220.127.116.11 POV-Ray viruses?
"Are there any POV-Ray viruses out there? Can one be done?"
At the time of writing this documentation, no known viruses or trojans made with the POV-Ray Scene Description
Language (SDL) are known to exist.
Due to the properties of the POV-Ray SDL, writing a working virus (that is, a piece of code which spreads, without
the user knowing, by copying itself to non-infected files) is very difficult, if not impossible to do. The main
obstacle in making a POV-Ray virus is that there is no way for the SDL code to reside in memory, infecting files when
it sees them; another problem is that there is no way to get file listings in the POV-Ray SDL, so the code cannot
infect other .pov files at parse time.
However, trojans (i.e. a malicious piece of code which attempts to harm the system, but will not infect other
files) are much more likely. It is possible with the POV-Ray SDL to open a file and write practically anything to it.
This can be used to cause severe damage to an unprotected file system.
Note, however, that in POV-Ray 3.5 the concept of I/O restrictions was introduced in order to protect the user from
these kinds of malicious scripts. Setting the I/O restrictions properly will prevent the SDL from being able to open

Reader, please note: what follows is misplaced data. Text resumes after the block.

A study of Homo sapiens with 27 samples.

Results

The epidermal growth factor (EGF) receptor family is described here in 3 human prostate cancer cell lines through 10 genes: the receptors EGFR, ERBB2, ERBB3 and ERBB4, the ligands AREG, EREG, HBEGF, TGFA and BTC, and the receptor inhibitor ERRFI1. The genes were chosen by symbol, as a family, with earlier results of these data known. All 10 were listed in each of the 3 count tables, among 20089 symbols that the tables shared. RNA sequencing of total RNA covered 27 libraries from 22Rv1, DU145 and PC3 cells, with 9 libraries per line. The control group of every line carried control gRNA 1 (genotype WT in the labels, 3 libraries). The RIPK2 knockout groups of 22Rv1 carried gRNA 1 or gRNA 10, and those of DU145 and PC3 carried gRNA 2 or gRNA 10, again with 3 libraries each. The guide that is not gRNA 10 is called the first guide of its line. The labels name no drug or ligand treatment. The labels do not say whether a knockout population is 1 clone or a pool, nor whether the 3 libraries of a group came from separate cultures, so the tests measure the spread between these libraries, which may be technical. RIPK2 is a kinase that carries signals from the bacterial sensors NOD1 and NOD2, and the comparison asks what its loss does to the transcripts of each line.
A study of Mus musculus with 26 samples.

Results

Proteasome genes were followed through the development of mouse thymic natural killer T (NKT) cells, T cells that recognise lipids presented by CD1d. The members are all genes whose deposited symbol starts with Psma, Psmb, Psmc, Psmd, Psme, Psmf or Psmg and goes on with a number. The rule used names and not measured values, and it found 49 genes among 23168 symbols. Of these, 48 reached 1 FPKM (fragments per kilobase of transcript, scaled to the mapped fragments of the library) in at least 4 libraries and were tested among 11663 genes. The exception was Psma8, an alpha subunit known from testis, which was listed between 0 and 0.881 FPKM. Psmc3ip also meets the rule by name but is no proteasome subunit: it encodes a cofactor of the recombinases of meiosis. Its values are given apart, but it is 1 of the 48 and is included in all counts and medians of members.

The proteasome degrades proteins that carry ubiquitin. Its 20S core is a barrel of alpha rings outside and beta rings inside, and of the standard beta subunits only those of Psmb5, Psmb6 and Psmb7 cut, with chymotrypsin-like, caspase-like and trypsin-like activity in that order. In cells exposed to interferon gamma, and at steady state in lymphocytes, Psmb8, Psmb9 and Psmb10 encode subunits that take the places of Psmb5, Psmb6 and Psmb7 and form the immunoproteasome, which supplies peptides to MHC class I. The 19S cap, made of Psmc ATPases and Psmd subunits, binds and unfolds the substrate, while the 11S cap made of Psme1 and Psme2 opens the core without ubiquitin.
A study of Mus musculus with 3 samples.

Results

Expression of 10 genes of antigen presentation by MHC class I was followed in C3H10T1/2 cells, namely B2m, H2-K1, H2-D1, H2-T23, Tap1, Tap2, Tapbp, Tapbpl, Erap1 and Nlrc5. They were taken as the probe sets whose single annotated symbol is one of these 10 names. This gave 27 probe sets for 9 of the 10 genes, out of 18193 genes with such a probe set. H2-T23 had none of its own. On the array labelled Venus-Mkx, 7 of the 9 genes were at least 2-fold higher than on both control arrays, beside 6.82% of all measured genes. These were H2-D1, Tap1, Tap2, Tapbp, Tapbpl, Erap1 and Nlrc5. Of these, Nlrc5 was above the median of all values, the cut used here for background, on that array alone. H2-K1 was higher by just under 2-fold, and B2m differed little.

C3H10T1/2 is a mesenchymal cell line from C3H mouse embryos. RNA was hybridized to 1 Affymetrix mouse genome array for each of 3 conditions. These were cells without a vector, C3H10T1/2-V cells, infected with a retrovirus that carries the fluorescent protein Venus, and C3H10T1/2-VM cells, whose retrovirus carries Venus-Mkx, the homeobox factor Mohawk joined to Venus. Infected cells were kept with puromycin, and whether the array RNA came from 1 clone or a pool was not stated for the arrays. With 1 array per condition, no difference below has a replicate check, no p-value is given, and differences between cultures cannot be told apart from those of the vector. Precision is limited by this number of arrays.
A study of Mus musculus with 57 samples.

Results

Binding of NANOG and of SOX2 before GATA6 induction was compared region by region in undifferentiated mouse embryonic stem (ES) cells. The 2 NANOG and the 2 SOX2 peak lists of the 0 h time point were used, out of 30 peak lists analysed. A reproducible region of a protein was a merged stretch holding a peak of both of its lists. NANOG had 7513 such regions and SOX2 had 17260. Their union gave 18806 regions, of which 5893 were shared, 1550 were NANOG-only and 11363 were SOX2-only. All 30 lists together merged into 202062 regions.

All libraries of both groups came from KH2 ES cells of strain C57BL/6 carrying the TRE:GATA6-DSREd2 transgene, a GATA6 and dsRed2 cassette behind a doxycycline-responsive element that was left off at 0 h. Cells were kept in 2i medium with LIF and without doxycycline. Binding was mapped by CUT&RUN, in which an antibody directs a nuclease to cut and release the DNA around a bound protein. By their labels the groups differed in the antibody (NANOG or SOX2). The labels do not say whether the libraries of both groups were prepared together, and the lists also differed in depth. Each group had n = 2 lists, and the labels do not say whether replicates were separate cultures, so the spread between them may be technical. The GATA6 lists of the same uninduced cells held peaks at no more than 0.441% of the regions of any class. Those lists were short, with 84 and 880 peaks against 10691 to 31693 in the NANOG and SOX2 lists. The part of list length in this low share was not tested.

files for writing (and optionally even for reading). You should check that your copy of POV-Ray 3.5 has these
restrictions properly set, especially if you render files not made by you. Note, however, that not all versions of
POV-Ray 3.5 for different platforms may have these restrictions implemented. Consult section 1 of the POV-Ray 3.5
documentation for more details about the I/O restrictions.
Regardless of this, it is always a good idea to run only scripts which you have received from trusted sources. This
is particularly true if you are using a version of POV-Ray older than 3.5.
The POV-Ray community consists mostly of benevolent people and it is generally safe to try POV-Ray scripts made by
them. However, it is often better to be safe than to be sorry.